Five Ways to Enjoy Saying No

Many of us will acknowledge that we can often end up doing things we don’t want to do. Bizarre in many ways and of course there are all sorts of reasons why we might do those things, many of them good. Let’s be honest a lot of us hate putting the bins out, taking the dog for a walk doing various tasks at work and lots of other things but we do them from a sense of responsibility, duty or because we care for others.

Some of those things just need doing. But there are all sorts of other things we might end up doing that we don’t want to, from what might either be a misplaced sense of duty, an inability to say no or a fear of offending people. Attending events, we don’t want to, buying things we don’t want, agreeing to help at things – or hundreds of other things we could think of.

But it is never too late to learn so here are a few ways to say no. But first let’s be clear about why we need to.

Why we need to say no

The obvious reason is that life is too short to spend it doing things we don’t enjoy (of course we all have to do some of those things as explained above) but if there are relationships where we frequently find ourselves drawn into things we wouldn’t actively choose then it can be easy to become resentful, which isn’t fair, after all if we are adults we ought to be free to say no.

The other important reason is that for most of us time is short so actually saying no can prevent us from doing things that we would enjoy or that would be good for us in some other way.

  1. I’d love to but……

Sometimes you might genuinely want to do something, but you have another commitment or just can’t spare the time, at that time. It should be pretty easy to either arrange an alternative time or say that you will do that when you schedule eases up a little. Its not even really a ‘no’ its more of a not now. Be careful though because some people will remember so while you can use this to say no and get out of something you can only do that a few times!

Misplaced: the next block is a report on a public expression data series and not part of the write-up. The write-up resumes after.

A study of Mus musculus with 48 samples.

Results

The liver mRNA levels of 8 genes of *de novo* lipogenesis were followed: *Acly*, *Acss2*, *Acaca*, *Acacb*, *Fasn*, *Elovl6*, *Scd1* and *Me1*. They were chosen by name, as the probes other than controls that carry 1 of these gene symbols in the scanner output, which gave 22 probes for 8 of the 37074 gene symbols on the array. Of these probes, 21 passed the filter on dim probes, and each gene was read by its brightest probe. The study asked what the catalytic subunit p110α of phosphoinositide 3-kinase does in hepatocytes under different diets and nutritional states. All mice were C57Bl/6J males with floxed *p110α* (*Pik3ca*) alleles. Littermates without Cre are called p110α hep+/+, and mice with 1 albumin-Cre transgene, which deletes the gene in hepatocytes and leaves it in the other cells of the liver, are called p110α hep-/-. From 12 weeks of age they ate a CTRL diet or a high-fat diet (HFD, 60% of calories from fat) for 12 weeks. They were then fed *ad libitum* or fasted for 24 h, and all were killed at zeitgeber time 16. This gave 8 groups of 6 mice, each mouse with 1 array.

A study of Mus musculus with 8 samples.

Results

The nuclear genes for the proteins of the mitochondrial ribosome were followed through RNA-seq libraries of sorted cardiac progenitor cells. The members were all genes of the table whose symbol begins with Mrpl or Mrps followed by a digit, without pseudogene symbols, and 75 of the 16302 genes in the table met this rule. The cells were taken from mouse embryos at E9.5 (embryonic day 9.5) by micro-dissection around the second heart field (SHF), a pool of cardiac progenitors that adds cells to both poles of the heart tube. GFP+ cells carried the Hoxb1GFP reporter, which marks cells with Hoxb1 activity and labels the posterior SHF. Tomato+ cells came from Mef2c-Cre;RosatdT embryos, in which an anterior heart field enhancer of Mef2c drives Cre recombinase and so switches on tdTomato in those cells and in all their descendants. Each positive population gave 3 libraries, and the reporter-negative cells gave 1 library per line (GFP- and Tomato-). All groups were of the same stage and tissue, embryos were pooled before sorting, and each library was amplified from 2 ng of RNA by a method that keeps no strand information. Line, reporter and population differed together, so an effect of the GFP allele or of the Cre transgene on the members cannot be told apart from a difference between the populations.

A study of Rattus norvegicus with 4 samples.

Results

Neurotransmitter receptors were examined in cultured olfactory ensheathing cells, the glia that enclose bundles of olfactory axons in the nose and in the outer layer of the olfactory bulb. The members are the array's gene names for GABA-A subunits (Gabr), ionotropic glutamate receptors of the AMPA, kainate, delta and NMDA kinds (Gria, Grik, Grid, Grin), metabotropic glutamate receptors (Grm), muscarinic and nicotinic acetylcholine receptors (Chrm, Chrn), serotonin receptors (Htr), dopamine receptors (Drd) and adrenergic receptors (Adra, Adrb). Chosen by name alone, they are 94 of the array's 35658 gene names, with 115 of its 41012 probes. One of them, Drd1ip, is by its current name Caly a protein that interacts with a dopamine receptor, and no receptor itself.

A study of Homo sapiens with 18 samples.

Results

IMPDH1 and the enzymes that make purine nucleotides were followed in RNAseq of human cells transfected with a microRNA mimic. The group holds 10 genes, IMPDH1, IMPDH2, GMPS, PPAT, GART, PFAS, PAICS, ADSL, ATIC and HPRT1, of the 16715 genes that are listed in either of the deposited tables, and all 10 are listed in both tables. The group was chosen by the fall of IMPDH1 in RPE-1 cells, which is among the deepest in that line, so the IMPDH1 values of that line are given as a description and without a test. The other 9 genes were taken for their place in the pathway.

1. Sounds good but I need time to think about it

It’s easy to feel rushed into things – a great technique of some salesmen, who will tell you that you need to move quickly, or you’ll miss the chance. We owe it to ourselves not to be rushed. Especially if it is something that will involve an investment of time or money – or even something we just don’t feel too strongly about. It is very reasonable to give yourself time – in fact if you are feeling rushed and you have a sense of disquiet it could be its not right for you anyway. Don’t be afraid to ask for more time and question why if is someone is pressurising you at all.

  1. It’s just not for me

Sometimes though we just need to be really straight and say an outright ‘no’. There are times when we might need to give a reason but probably fewertimes than we’d think. We need to remind ourselves that we can simply say no without excuses or giving reasons without even explaining why – we can just say no and learning to do that without feeling guilty can be a really liberating thing to do.

It’s not a priority right now

  1. Then there may be things that you would actually love to say yes to, but the time, effort or money involved don’t fit with your priorities at the time. That is okay, you are entitled to your own priorities so simply explain that although you’ve always said you’d love to ski, do salsa dancing or white-water rafting- it’s just not your top priority at the moment. Of course, it could be something much less adventurous but that is ok too. 

What Happens When you Say ‘No’

Like many things in life the art of sayingno gets easier with practice. We need to remind ourselves of a few things, like we can never keep everybody happy and just because someone else thinks we should do something, that doesn’t make it right.

Practice saying no and then remind yourself when you have that you shouldn’t feel guilty.

But remember too that saying o isn’t a reason to be unkind or disrespectful. Saying no often it becomes easier when we have a clear send of our own priorities and clarity about the things that are our responsibility.

If we are clear that saying yes to a particular thing doesn’t mean we are not fulfilling a responsibility that really is ours then there is no need for guilt AND other people reactions to our ‘no’ aren’t our responsibility so even, worst case scenario, they get offended , well that isn’t really our problem. It might cause a few transient difficulties but nothing that shouldn’t be able to be ironed out with respect and explanations.